2017 Capital Fringe Review: ‘Not Quite: Asian American by Law, Asian Woman by Desire’

See this show.

Stop reading this review, click this hyperlink, buy a ticket, and see it. Don’t want to go alone? I’ll see it with you. We’ve never met before? Who cares. I’m your new best friend for life Mike Bevel and we will make this happen.

Not Quite: Asian American by Law, Asian Woman by Desire (written and performed by Ada Cheng, directed by Jonald Reyes) is that good.

From the moment Cheng takes the stage, she quickly establishes both authority and intimacy. Over the course of her 53 years, she has lived everywhere from Chicago to Taipei to Eugene, Oregon to some terrible place in Texas. And this brings her to this question: Where is home? Is it where you were born? Is it where you spent the most time? Is it something measured by the length of your absence? Will you recognize it by the intensity of your emotion?

In exploring this concept of home, Cheng tests it against different challenges in her life. Is home where you have to pass a test in order to live there? Can home be a place where you are simultaneously “naturalized” and also labeled an alien? Can you find home in the classroom when your authority as an educator is challenged within the world’s worst Venn diagram, at the intersection of “woman,” “person of color,” and “gay?” (Cheng is incandescently on point when she muses about the way Western culture puts its most valuable assets – in her case, the education of its children – into the hands of foreigners and minorities while also often denying or ignoring those minority voices and their intrinsic value).

Can home be Texas, where an older man salutes you and your girlfriend with a Nazi fist raised to the sun before he spits at you?

Not Quite is a profoundly political piece of theater. Cheng is Taiwanese and a bisexual, and that intersection of identity is what makes her voice so necessary. It’s especially necessary for many white people in the gay community who are only now catching up with the fact that our own minority status doesn’t preclude our own racism. “Home” should be the intersection of community, compassion, and white-hot anger at systems of oppression that harm everyone – even those who seemingly benefit from them.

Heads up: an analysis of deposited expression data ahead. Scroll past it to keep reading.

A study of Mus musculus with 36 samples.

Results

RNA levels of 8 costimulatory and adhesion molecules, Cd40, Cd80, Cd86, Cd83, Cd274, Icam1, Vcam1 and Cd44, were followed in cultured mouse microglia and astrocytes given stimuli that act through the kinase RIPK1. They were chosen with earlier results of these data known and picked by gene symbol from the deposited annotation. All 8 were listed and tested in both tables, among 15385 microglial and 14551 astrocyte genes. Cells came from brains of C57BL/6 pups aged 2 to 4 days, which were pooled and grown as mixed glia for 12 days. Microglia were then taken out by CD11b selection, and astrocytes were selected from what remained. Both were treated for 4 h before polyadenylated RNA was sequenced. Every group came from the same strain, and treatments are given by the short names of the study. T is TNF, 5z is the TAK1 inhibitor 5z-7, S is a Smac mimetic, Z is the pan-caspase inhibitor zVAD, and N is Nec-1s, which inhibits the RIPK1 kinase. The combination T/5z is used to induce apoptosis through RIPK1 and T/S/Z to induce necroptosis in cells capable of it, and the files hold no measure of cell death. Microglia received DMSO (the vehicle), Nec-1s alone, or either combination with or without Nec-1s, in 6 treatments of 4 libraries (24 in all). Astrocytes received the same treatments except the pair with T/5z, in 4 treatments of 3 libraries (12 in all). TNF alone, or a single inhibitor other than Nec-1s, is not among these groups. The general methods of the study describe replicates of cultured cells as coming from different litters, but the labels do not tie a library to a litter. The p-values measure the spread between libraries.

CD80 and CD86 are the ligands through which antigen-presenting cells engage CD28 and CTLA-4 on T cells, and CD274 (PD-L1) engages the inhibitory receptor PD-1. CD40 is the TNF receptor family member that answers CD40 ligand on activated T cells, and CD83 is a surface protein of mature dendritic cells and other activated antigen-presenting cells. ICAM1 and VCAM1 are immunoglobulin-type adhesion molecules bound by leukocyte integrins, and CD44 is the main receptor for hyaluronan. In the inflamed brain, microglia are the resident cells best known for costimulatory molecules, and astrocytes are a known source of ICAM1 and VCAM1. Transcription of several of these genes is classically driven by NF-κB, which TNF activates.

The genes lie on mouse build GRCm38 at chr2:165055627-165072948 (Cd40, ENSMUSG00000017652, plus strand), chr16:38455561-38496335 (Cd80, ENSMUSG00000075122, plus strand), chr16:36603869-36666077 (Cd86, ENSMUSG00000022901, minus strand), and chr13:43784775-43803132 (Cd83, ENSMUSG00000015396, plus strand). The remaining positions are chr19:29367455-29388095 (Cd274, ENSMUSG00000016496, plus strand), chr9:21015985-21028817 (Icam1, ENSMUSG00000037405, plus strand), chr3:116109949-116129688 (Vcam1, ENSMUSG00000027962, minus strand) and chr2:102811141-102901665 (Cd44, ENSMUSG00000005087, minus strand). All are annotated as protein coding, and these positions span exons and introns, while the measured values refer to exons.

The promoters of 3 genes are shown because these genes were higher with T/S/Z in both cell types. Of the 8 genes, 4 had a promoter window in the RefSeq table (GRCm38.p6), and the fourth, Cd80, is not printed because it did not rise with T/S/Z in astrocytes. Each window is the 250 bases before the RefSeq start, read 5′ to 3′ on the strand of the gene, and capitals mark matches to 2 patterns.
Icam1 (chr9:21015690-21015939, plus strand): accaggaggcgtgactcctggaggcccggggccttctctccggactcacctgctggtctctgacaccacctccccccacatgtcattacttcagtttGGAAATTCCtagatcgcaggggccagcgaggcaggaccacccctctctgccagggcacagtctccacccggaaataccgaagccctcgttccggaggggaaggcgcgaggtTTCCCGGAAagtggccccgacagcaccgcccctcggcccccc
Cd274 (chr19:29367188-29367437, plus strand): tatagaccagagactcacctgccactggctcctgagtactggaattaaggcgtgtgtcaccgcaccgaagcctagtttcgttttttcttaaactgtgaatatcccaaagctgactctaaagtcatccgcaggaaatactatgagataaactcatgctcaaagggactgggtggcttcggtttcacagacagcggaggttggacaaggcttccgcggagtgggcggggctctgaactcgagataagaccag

Cheng is here to tell us a story. We are here to listen. There is a moment when Cheng describes her experiences as a woman of color, teaching a roomful of mostly white college students, almost too comfortable in their privilege. They read newspapers and text with friends in the classroom. They engage in conversations during her lecture time. “Students should not feel too comfortable,” Cheng explains. And she differentiates safe spaces – spaces where students are allowed to fail, and be wrong, and stumble, and get it half right – from comfortable spaces. We can be safe and uncomfortable. In fact, it may be the only way we can ever learn anything.

So, again: see this show. Theater works best when there’s this alchemical exchange: your attention for the artist’s message. Your attention to this woman and this story – at this time, particularly – will be more than repaid.

Running Time: 60 minutes, with no intermission.

Not Quite: Asian American by Law, Asian Woman by Desire plays through July 20, 2017 at Pursuit Wine Bar – 1421 H Street NE, in Washington, D.C. For tickets, call (866) 811-4111, or purchase them online.



  1. I saw the show in Chicago. She fabulous!! I particularly enjoyed the discussion session after her performance. It is experiences and discussions like this that will move us close to the society we profess to desire. It all begins with understanding.